A few months ago I observed something in the airport on my way to pick you up. Delta and American Express (a credit card company) have long been teamed up to provide credit cards that earn airline miles for Delta flights.
One of the ways they sell these cards is through salespeople in the airport. These salespeople call out to people walking through the terminal asking them if they want free airline miles or if they even have a Delta AMEX card.
Most of the time, the people walking by give them a curt “No thanks.” or just flat out ignore them. From a sales perspective, their “sales pitch” was… well, terrible. They had a delivery that wasn’t confident. They were annoying. If you walked by three times, they’d call out to you every time even though you just said no. In any other industry requiring professional sales, they’d probably have been laughed out of a job if they were told to demonstrate their sales ability.
Every once in a while, someone would stop to hear the offer. In this particular airport visit, I was seated at my gate and the sales person’s kiosk was nearby. I watched for about 30 minutes as this poorly-skilled saleswoman and two coworkers called out to dozens, if not hundreds, of people. During this 30 minute period, I’m guessing they had 5 people apply for the card.
Doesn’t seem like much right? 5 applications over hundreds of people and it took 30 minutes of attempts just to get those 5 applicants.
Well, let’s do the math.
Let’s assume that on any given day Delta deployed 100 of these sales teams across the country. I don’t know how many there really are, but we’ll just do the math based on this number.
Let’s say each team averages 5 applications per 30 minutes (10 per hour). Assume the salespeople work a 10 hour shift. That’s 10 applications per hour x 10 hours or 100 applications per team per day. With 100 teams nationwide, that means they generate 10,000 applications per day nationwide with terrible potentially terrible salespeople.
Not only that, most airports are open year round, so multiply that by 365 and you get 3,650,000 applications per year!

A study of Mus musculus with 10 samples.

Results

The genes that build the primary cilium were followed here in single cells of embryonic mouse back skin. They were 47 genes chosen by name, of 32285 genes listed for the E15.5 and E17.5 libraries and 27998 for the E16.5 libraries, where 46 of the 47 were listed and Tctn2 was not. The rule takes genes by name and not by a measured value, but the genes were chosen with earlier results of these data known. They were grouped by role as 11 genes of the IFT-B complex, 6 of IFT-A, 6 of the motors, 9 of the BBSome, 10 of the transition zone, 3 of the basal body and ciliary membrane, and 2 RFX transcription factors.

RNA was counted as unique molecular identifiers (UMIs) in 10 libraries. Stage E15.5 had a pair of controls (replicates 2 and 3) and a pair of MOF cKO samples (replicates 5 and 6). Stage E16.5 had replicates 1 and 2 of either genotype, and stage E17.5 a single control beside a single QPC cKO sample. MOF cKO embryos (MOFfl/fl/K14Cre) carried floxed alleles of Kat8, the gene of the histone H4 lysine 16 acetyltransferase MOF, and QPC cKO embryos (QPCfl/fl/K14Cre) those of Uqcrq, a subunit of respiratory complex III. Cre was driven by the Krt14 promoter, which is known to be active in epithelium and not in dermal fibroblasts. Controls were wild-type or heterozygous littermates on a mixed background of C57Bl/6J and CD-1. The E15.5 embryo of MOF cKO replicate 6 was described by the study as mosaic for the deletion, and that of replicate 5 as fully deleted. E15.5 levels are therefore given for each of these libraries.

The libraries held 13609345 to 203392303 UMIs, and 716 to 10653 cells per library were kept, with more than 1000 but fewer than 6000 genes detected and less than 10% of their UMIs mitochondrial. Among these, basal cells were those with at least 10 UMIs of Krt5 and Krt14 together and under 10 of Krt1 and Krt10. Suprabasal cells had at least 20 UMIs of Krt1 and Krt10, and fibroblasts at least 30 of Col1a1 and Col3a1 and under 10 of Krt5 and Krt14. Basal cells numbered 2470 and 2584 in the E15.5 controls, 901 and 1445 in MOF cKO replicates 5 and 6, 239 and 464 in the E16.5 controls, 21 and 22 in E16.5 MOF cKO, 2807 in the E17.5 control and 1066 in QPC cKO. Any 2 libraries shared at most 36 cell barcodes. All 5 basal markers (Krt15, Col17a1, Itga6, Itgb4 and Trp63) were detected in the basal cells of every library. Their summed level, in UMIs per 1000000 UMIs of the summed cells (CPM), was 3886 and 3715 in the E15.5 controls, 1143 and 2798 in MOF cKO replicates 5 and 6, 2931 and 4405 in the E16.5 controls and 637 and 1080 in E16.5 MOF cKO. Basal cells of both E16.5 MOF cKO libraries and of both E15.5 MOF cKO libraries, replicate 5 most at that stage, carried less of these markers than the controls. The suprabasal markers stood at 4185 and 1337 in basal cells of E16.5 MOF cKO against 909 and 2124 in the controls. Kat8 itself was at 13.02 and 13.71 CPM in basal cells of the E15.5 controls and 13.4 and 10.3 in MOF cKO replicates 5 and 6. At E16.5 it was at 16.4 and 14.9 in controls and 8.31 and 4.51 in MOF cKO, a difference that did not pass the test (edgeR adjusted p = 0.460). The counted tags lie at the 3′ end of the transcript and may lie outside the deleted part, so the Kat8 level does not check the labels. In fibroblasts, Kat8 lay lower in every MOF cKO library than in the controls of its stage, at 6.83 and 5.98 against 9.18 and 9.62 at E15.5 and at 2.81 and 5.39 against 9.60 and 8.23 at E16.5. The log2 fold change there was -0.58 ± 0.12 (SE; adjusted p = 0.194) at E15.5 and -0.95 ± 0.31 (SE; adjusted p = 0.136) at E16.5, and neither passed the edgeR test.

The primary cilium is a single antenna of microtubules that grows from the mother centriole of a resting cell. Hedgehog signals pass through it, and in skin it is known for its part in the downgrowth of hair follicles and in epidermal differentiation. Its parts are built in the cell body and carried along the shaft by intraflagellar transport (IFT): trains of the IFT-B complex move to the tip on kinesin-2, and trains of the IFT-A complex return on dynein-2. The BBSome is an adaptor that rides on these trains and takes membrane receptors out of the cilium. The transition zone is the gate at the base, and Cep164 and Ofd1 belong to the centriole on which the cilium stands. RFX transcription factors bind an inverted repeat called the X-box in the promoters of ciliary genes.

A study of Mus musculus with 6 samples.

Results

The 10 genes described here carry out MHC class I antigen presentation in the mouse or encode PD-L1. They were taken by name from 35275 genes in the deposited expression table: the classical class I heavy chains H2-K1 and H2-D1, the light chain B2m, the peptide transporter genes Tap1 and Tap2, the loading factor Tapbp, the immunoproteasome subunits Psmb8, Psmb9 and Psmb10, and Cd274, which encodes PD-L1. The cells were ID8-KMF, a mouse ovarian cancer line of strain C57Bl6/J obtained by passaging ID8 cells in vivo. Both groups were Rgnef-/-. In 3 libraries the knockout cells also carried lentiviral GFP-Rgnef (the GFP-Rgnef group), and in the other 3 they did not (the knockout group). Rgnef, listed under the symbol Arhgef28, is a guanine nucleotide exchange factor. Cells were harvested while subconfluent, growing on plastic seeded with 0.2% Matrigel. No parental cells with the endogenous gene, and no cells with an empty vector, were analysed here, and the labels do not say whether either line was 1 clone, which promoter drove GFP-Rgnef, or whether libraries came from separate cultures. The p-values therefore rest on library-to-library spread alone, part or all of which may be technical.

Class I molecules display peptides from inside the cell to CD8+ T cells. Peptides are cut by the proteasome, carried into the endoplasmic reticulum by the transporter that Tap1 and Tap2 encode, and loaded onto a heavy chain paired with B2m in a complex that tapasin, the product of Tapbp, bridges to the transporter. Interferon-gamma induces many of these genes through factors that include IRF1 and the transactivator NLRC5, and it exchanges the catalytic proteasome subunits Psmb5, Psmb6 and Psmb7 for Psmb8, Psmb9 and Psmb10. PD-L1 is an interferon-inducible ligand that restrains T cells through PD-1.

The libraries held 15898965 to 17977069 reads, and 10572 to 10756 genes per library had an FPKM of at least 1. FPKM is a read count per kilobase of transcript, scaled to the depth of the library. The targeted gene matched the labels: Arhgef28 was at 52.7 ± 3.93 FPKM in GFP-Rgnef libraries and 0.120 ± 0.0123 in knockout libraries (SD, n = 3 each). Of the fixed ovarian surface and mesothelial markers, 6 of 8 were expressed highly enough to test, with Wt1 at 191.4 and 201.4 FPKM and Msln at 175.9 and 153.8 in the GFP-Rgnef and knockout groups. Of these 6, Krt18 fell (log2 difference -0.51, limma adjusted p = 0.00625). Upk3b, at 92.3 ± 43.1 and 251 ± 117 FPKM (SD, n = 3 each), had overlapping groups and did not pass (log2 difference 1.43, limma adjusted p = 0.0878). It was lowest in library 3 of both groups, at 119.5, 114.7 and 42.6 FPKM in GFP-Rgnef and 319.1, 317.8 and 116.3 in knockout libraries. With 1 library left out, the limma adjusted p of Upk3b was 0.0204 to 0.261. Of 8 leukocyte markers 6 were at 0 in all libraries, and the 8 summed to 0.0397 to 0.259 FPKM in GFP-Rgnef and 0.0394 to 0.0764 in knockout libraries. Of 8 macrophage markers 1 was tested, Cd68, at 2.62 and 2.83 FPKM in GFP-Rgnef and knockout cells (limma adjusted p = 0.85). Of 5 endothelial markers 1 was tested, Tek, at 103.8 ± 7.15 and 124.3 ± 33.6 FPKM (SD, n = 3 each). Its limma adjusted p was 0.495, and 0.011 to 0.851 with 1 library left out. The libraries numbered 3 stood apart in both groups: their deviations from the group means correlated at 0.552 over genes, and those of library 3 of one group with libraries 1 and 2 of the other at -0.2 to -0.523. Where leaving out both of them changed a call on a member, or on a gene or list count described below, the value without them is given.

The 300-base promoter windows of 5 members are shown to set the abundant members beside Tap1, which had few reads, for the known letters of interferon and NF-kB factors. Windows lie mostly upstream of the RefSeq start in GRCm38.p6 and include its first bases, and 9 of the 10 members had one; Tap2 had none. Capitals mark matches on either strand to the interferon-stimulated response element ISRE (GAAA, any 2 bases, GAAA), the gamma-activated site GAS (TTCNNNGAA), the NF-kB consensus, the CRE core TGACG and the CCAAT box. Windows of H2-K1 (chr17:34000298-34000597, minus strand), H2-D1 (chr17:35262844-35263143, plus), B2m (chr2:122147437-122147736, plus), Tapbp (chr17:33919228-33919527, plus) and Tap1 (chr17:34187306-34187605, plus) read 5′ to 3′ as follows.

You see, Delta and AMEX are huge companies because they understand something most people don’t. It’s more important to try than it is to have the perfect plan or the perfect sales pitch. A bunch of barely-trained salespeople are generating millions and millions of credit card applications from just asking people to apply.
You can apply this theory to any aspect of your life, not just business. If you want to be a better swimmer, go swim even if you’re not very good. If you want to be leader, go lead – even if you’re not that great at it yet. Over time you’ll learn better and better ways of doing that thing. But if you never put in the time and practice to actually do something, nothing happens.
So, when you are timid about trying something new or that you’re not very good at, just remember that effort is more important than skill when you get started. You will learn the skills you need as you do more of the thing you want to be good at.
Here’s an example from my life: When I first started my lawn service company, Lawnshavers, I didn’t know how to price my work. I didn’t know how long a yard would take to mow. So I guessed at my pricing and sold some jobs. Turns out I was WAY underpricing myself. But I was also slow at doing the work.
Over time, I got faster at the work with better skills and better equipment. It took months to collect the data, and I had to let some customers go because I wasn’t charging enough. Fast forward a year. I had a year’s worth of timed jobs on small lots of similar size. Now I could estimate the time it would take to complete a job from just a satellite image, which allowed me to price jobs without ever going to see them – which is something my competitors didn’t do. This allowed me to price better and faster than my competitors which equaled better jobs, faster sales, happier customers and a better business.
But when I started, I was clueless. You will feel the same way whenever you start new things. It’s completely normal. The process of taking action to learn that something new is what allows you to build a bigger life. Instead of fighting that fear, recognize that it’s always the first step of conquering the mountains in front of you.
P.S. I like telling Dad jokes. Sometimes he even laughs!